Bible Study | April 8, 2021

Jesus’ ascension

Illustration by David Huth

Acts 1:1–11

It is commonly understood that the writer of the Gospel of Luke also authored the book of Acts. As Luke begins this second volume, he sets the stage for God’s people to take on an outward and inclusive mission.

Luke is the only Gospel writer to tell the story of Jesus’ ascension to heaven. In fact, because Acts overlaps chronologically with the end of Luke’s Gospel, Luke narrates the ascension twice. From the perspective of Luke-Acts, the ascension is the center of the story, and, indeed, the focus of history as well.

Jesus’ ascension takes place on the Mount of Olives, the place where Jesus struggled in prayer before his suffering and death, also known as the passion (see Luke 22:39–46). Jesus’ ascension to heaven signifies his triumph and vindication, and underscores his position as universal Lord. Salvation in all its fullness may now be proclaimed to all peoples in his name.

The preparatory nature of Acts 1 points to the role and significance of the 12 apostles in Luke’s two volumes. Like the 12 tribes of Israel, the 12 apostles are representatives of a new people of God. Although individual apostles, such as Peter, do come into their own in Acts, the 12 as a whole do not play a prominent role. Still, their symbolic function helps us to understand God’s purpose as the story progresses. When Peter speaks, he speaks as a representative of the new leaders of God’s people and, like Jesus, he will encounter opposition from the Jewish leadership.

Because of the symbolic significance of the 12 apostles, the death of Judas means that he must be replaced. In verses 15–26, Peter states that the replacement must be one of those who accompanied Jesus and the apostles from the time of Jesus’ baptism to his ascension. Two qualified candidates are selected, and Matthias is chosen by lot. Matthias is never again mentioned in Acts, but his selection completes this symbolic number and reconstitutes the 12, which must happen before the new era arrives at Pentecost.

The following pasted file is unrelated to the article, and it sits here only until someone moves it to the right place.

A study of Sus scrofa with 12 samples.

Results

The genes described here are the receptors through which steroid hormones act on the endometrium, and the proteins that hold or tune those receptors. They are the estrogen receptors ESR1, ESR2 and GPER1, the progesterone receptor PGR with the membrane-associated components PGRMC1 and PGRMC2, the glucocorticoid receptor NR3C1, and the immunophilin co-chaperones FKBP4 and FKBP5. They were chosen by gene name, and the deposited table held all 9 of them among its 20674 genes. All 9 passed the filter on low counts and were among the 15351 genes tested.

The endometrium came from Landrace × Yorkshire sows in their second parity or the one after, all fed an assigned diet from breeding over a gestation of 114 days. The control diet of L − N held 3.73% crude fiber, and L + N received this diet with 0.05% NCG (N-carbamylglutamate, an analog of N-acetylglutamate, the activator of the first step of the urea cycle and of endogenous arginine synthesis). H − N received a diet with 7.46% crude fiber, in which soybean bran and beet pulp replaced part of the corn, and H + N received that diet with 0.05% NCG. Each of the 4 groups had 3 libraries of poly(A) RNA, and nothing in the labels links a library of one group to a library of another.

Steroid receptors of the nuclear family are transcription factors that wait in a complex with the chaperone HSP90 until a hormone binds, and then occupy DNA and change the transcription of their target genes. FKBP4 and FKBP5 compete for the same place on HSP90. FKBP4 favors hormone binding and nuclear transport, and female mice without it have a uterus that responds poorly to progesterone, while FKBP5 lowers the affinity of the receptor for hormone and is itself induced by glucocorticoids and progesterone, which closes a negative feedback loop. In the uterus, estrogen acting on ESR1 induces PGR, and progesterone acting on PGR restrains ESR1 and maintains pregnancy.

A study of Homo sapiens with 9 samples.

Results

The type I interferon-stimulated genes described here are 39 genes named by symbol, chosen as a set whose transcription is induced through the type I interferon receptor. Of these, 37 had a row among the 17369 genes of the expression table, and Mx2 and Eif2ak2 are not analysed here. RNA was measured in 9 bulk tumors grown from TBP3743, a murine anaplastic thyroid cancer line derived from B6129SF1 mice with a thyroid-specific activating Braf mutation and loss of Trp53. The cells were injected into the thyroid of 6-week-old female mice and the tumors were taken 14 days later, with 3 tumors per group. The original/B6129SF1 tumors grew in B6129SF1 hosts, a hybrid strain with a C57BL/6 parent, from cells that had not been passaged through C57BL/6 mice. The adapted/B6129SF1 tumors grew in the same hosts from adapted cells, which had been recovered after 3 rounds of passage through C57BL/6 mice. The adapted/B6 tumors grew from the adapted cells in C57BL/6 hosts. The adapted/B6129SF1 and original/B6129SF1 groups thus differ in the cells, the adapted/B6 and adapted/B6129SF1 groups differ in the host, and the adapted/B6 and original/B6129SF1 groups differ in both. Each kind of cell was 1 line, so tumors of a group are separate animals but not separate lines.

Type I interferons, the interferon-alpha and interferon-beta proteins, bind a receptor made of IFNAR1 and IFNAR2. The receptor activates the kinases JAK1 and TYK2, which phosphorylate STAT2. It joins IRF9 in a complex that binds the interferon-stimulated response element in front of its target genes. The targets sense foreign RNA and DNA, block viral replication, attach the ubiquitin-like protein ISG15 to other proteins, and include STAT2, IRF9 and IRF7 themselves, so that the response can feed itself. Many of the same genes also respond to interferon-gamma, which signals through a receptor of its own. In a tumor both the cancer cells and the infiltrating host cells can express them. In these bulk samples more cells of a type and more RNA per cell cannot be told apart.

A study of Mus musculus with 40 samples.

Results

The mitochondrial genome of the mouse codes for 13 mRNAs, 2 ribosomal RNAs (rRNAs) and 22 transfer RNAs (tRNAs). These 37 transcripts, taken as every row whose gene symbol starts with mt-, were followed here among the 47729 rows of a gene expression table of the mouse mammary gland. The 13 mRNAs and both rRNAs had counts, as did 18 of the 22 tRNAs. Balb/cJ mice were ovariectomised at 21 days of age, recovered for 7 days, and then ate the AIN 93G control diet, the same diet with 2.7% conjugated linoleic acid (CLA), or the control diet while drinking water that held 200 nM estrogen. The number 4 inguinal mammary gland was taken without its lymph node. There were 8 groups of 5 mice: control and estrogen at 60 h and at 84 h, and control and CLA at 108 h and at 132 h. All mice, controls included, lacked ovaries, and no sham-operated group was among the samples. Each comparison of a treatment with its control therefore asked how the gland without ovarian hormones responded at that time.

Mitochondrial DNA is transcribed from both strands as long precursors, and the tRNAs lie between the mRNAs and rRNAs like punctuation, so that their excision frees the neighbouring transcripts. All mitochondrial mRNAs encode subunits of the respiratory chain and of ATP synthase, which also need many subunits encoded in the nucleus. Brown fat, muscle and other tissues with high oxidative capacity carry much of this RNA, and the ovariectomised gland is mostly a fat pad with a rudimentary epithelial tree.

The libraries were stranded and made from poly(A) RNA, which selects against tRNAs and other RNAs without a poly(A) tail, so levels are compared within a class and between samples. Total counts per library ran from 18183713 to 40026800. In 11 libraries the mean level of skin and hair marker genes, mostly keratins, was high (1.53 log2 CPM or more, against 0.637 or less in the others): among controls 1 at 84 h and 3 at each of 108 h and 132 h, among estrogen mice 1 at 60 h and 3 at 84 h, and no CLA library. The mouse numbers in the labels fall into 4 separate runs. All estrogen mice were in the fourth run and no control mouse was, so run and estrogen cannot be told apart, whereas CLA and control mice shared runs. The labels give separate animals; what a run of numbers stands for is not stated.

Some have suggested that this book, the “Acts of the Apostles” be called “Acts of the Holy Spirit.” The Holy Spirit plays a significant role in the opening of Acts. In chapter 1, this role is emphasized in the past, present, and future as David, Jesus, and Peter are all characterized as having spoken by the Spirit. In verse 8, Jesus tells the disciples that they will receive the Spirit and move out from Jerusalem. The Spirit will also play the key role in affirming and expanding the Christian mission.

To experience the Spirit is to be immersed in and empowered by God’s very presence. Unlike the exclusive holiness symbolized by the Jerusalem temple, where certain people were kept from direct access to God, God’s presence through the Spirit is inclusive. The work of the Spirit begins in Jerusalem and moves outward. As Luke’s second volume unfolds, we shall see that the mention of going out “to the ends of the earth” in Acts 1:8 does not merely speak of journeying across physical distance. It speaks more broadly of crossing cultural and social boundaries for God’s saving purpose.

  • How can we encourage one another to wait upon the Spirit?
  • How can you help children and youth create spaces for reflection and prayer?
  • Where do you see the Spirit moving in new places and crossing boundaries today?

Holy Spirit, come and work through me as I teach. Help me to watch for your movement in new ways and in new places. Amen.

This Bible study comes from Shine: Living in God’s Light, the Sunday school curriculum published by Brethren Press and MennoMedia. The illustration, by David Huth, comes from All of Us: God’s Story for You and Me.